Eye Floaters or Spots

Dated 15 April 2016
Eye Floaters or Spots

Spots (often called floaters) are small, semi-transparent or cloudy specks or particles within the fluid inside the eye that becomes noticeable when they move within the line of sight. They may also appear with flashes of light.

They appear as specks of various shapes and sizes, threadlike strands or cobwebs. Since they are within your eyes, they move as your eyes move and seem to dart away when you try to look at them directly.

How are they caused?

The eyes are filled with fluid which maintains the shape of the eye, supplies it with nutrition and aids in the focusing of light. Often, particles of protein or other natural materials are left floating or suspended in this fluid when the eye is formed before birth. If the particles are large or close together, they cast shadows which make them visible.

They may also result from age related changes in the vitreous fluid (deterioration of eye fluid or its surrounding structures), or from certain eye diseases or injuries. When people reach middle age, the vitreous gel may start to thicken or shrink, forming clumps or strands inside the eye. The vitreous gel pulls away from the back wall of the eye, causing a posterior vitreous detachment.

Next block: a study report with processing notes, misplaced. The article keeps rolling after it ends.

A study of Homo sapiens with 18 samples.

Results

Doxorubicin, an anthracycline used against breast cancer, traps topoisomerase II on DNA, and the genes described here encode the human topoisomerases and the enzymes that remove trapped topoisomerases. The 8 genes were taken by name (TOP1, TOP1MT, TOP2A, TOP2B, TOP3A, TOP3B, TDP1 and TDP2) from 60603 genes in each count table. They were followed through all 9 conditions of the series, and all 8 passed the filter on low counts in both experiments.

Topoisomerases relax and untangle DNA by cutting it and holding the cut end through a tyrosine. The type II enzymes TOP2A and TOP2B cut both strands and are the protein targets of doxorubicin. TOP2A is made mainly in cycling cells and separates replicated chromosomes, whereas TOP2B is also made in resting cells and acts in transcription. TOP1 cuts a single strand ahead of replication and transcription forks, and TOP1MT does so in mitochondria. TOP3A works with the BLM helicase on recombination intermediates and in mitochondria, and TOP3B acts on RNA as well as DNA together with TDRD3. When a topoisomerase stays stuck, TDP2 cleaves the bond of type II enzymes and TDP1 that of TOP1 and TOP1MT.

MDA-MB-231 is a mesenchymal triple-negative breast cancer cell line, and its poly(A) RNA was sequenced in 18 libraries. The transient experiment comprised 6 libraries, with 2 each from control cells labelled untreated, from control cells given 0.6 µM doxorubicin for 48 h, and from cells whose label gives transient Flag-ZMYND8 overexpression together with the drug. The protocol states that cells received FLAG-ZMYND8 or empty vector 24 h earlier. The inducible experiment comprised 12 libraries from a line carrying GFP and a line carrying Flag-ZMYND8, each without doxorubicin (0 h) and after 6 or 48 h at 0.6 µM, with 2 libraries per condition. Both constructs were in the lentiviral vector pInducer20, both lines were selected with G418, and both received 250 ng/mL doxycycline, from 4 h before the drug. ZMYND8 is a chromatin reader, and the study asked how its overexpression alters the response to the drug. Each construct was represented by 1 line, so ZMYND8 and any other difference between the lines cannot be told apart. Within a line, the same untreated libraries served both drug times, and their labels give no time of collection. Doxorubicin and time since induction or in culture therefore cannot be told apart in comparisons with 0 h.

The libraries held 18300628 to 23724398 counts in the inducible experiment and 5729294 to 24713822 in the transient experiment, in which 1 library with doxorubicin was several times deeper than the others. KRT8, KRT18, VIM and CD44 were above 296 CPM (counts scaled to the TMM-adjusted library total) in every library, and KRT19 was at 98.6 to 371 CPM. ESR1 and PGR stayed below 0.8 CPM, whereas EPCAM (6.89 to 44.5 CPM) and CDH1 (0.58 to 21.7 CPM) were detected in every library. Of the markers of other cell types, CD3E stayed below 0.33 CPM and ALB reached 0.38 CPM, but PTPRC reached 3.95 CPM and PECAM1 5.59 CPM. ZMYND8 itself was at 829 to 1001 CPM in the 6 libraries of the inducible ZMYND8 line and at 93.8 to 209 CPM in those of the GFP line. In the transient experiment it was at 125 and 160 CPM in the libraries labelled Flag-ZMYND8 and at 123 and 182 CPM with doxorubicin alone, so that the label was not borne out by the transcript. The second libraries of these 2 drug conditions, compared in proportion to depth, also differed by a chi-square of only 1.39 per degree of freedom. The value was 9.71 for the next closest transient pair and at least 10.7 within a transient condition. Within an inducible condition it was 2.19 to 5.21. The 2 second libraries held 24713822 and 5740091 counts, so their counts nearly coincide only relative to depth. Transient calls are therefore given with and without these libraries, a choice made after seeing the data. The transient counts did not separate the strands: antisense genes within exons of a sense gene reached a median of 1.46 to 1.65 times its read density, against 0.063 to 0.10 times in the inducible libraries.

Eye Floaters or Spots

It may be common among people suffering from:

Signs and Symptoms

If a spot or shadowy shape passes in front of your field of vision or to the side, you are seeing a floater.

Floaters can come in many shapes. They can appear as small dots, circles, lines, veils or cobwebs. They are most apparent when looking at a blank wall or trying to read. A person may have several floaters or only a few. Usually floaters occur only in one eye at a time. Floaters are annoying but painless most of the time. They do not cause any loss of vision.

You may also see flashes of light. These flashes occur more often in older people as the vitreous humor thickens and tugs on the light-sensitive retina.



Floaters can be detected during a complete Optometric examination. By looking inside the eye with an instrument called an ophthalmoscope, the Optometrist may detect floaters before the patient becomes aware of them. If the floaters indicate disease or other problems requiring care, the patient will be referred to the appropriate health care practitioner.

Eye Floaters or Spots



 Treatment is not needed or helpful if the retina is free of bleeding, tears and weak spots. Treatment is needed if a tear is found in the retina. This is most commonly repaired with a special argon laser by an eye doctor. In some cases, surgery may be needed to reattach the retina.

There are a few eye doctors that are performing laser surgery for floaters, but one of the major criteria for one's eligibility for this procedure is the location of the floaters in the vitreous fluid. This procedure has not yet been excepted by most of the medical community, probably due to the associated risks.



Floaters are generally a normal development of the formation of the eye, they cannot be prevented.